LOS ANGELES - An interracial couple in Pennsylvania who woke up to find the remains of a burnt cross in their front garden.
A California town which saw cars and garages vandalized with swastikas, racist epithets and slogans such as "Go Back to Africa."
Black effigies hung from nooses in an island community in Maine.
Students chanting "assassinate Obama" on a schoolbus in Idaho.
Barack Obama's historic election as America's first black president has led to a surge of racist incidents across the United States, hate-crime monitoring groups and analysts say.
Mark Potok, director of the Alabama-based Southern Poverty Law Center, said the final weeks of the US election campaign and its immediate aftermath had witnessed "hundreds and hundreds" of hate-related incidents.
"Since the closing weeks of the campaign, we've seen a real and significant, white backlash break out and I think it's getting worse," Potok told AFP.
Potok traced the onset of the incidents to around the time of election rallies by Republican vice-presidential hopeful Sarah Palin where shouts of "Kill Him!" were reportedly heard from sections of the crowd.
"But what we're seeing now is everything from cross burnings, to death threats, to Obama effigies hanging in nooses to ugly racial incidents in schoolyards around the country," Potok said.
"It's been really quite something. I can't quantify the figures beyond saying that clearly there have been hundreds and hundreds of these incidents."
Brian Levin, a professor from the Center for the Study of Hate and Extremism at California State University, San Bernardino also said the rise in hate crimes appeared to fit into part of a longer term trend.
"We don't have exact figures but what I can say anecdotally is that there does seem to be a significant spike in hate crimes from around the election period up until now," Levin said.
Levin also said there was evidence of a surge in traffic on white supremacist Internet websites such as StormFront, whose server crashed on the day after the November 4 election due to the uptick in activity.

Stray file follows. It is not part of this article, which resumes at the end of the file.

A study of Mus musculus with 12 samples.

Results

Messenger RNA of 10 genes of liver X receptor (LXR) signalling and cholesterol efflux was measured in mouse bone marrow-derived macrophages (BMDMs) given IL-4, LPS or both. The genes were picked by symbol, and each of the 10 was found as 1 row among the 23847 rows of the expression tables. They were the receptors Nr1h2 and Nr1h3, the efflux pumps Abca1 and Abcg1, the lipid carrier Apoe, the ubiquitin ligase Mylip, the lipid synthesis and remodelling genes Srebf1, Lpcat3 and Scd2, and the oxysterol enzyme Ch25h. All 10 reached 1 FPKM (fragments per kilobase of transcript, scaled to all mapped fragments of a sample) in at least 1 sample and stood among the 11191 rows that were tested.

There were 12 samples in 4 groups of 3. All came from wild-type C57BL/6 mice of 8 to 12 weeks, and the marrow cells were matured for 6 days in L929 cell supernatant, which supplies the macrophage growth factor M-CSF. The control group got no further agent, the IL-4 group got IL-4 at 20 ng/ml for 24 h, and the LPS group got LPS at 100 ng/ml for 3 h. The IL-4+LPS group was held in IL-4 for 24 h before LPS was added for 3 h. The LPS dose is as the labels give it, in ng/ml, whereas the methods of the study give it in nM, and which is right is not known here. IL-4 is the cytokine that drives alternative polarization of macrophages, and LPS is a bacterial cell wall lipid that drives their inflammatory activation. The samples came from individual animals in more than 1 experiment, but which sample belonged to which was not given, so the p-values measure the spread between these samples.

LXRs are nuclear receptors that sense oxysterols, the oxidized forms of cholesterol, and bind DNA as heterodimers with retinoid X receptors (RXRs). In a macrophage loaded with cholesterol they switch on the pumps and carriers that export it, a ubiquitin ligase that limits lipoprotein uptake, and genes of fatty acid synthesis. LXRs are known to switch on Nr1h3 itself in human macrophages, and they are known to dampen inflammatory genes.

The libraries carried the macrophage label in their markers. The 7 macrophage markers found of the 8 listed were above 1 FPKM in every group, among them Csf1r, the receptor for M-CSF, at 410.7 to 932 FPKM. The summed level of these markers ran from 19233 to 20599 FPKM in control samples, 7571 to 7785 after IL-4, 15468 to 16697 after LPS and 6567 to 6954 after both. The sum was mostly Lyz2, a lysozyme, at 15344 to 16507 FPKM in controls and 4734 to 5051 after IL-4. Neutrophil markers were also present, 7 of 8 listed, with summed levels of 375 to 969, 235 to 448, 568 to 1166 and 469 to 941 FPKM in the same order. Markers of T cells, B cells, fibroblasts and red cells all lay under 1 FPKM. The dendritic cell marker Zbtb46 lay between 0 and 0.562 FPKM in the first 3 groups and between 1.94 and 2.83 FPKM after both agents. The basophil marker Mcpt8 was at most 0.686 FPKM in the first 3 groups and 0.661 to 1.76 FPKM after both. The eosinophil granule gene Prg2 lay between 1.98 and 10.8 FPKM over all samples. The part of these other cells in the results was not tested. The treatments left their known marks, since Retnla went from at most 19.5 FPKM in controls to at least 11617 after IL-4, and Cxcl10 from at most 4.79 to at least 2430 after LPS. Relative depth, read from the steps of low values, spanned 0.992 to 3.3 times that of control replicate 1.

The Southern Poverty Law Center's chief Potok said the increase in racist crimes could be attributable to a "perfect storm" of conditions.
The increase in non-white immigration, the recent estimate by the US Census Bureau that whites would lose their majority status by 2040 and rising unemployment all helped create a climate favorable for hate groups.
"Add to all of that the idea of a black man in the White House and you have a very significant number of whites who feel as if they've lost everything, that the country built by their forefathers has somehow been stolen from them," Potok said. "I think we're seeing an identity crisis on the parts of whites."
Levin said he had also noticed a ramping up of the vitriol. "It is harder to gauge but it does seem to be much more severe than usual," he said.
The racist surge fit into a historical pattern that he described as the "push-me-pull-you" of American politics.
"Many times when we've had advancements in race relations in the United States we've also had concomitant violent backlashes," he said, citing as an example the fact that the Klu Klux Klan was formed shortly after slavery was abolished in 1865.
"Inter-group relations and politics in the United States is a marathon and not everyone crosses the finish line at the same time, or at all," he said.
For white supremacists, Obama -- who is also reportedly preparing to appoint the country's first ever African-American attorney general, Eric Holder -- represented the doomsday scenario espoused by their ideology, Levin said.
"To them Barack Obama is nothing less than the anti-Christ. He not only represents policies that are eroding the white culture and bloodline of the United States; he is a walking, talking symbol of what they would call the 'mongrelization' that has occurred," he said.
"Barack Obama is a perfect storm that incites a nerve within the hardcore racist movement in the United States."